New Zealand’s National party will form a government with a 47 percent share of the public vote after a final count that gave it 59 seats in the next parliament.
National captured the biggest vote after counting of the so-called special votes, which are ballots cast by people out of their home constituencies on Nov. 26, the Electoral Commission said in a statement today. That would be National’s best performance since 1990. The party’s share in a preliminary count was 48 percent.
Prime Minister John Key reached agreements with single-seat parties ACT and United Future last week to ensure he has control of the 121-seat parliament. The two allies will back his policies on asset sales and welfare reform as well as voting in favor of the budget. Key is also in talks to win support from the Maori party that has three seats.
The main opposition Labour party will have 34 seats after counting of special votes, unchanged from the result announced on election night, the commission said. The Green party’s share of the vote rose to 11.06 percent, giving it 14 seats, up from 13 on election night.
Under the nation’s mixed-member proportional voting system, New Zealanders cast two ballots, one for a party and the other for a candidate in their constituency. There are 63 general constituencies and seven special constituencies reserved for native Maori voters.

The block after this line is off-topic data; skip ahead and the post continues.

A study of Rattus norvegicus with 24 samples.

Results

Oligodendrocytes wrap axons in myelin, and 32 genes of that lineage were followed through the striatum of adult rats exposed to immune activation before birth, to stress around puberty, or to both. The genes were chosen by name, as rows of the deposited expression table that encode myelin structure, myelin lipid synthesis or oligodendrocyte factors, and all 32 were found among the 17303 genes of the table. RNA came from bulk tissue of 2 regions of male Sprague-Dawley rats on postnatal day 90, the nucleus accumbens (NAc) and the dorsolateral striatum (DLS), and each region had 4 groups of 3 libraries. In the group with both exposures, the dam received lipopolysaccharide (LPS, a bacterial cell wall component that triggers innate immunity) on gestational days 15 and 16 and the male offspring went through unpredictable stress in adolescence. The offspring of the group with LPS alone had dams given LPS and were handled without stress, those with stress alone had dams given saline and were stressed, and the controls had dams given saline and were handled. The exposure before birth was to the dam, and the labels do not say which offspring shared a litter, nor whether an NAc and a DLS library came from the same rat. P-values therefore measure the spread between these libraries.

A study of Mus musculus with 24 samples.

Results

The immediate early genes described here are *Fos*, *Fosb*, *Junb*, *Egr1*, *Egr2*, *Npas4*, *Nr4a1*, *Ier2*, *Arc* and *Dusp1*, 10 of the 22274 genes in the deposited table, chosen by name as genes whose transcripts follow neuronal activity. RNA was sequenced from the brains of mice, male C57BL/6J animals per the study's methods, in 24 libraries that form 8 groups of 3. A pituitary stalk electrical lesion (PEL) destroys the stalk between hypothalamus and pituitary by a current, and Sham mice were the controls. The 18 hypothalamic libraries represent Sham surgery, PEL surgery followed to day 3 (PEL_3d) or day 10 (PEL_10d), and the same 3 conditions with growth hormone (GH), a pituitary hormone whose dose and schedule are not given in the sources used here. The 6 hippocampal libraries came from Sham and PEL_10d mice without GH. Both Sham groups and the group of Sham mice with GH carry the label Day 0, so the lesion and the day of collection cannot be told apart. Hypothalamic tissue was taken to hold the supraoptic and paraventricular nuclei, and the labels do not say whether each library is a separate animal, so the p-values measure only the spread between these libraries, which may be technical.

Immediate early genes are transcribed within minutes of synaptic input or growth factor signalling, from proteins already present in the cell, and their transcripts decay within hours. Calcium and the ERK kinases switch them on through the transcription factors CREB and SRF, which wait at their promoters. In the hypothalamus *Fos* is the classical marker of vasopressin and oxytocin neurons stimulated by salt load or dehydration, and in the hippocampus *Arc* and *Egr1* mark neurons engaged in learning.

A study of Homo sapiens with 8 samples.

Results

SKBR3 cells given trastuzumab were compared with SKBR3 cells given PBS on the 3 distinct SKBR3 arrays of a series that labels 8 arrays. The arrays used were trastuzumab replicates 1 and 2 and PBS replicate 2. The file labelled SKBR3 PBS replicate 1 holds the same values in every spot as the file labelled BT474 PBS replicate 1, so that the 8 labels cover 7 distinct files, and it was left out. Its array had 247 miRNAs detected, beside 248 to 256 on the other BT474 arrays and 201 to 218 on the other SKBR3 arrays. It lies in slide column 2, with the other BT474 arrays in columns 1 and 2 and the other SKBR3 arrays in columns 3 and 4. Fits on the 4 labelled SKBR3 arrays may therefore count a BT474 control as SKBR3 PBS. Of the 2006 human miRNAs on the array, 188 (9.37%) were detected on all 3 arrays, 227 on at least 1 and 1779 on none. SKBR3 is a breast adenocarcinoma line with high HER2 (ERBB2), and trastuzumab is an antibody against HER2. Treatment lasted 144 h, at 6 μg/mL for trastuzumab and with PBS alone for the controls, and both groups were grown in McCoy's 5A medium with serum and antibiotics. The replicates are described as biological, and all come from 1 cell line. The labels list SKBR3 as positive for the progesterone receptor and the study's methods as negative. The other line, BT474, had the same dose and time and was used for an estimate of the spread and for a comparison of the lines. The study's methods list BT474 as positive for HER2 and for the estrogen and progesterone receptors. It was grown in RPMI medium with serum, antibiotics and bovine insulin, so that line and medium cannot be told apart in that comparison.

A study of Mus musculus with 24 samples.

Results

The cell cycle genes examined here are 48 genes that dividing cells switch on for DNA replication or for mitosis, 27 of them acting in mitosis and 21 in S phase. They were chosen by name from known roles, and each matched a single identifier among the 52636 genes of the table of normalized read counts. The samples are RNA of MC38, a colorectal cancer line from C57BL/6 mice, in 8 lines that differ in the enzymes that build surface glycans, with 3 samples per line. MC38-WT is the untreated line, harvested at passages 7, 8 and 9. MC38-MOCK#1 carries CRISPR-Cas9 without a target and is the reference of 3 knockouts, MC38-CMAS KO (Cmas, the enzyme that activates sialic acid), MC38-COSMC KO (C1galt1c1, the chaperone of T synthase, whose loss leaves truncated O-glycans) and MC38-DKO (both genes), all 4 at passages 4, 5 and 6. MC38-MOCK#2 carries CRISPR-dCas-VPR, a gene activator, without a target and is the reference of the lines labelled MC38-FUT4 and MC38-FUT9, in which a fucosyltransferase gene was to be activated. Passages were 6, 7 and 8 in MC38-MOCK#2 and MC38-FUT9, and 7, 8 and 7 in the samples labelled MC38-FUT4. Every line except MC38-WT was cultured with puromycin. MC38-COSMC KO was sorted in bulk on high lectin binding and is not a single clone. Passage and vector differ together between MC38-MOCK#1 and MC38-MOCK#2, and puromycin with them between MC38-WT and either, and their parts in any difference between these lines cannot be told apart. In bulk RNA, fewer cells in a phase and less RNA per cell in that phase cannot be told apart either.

Parties need to garner 5 percent of the vote or win a constituency to get into parliament.
In a non-binding referendum alongside the ballot, voters were asked to retain or change the voting system. About 57.77 percent said they want to keep the so-called MMP system, the commission said today.
In the Christchurch Central constituency, National candidate Nicky Wagner was declared winner with a majority of 45. In the Auckland electorate of Waitakere, Labour was awarded the seat after National held a 349-vote lead on election night.
Both seats are likely to face a judicial recount before final confirmation, the New Zealand Herald newspaper reported this week. The award of the constituent seats doesn’t affect either party’s majority in parliament, which is determined only by the party vote.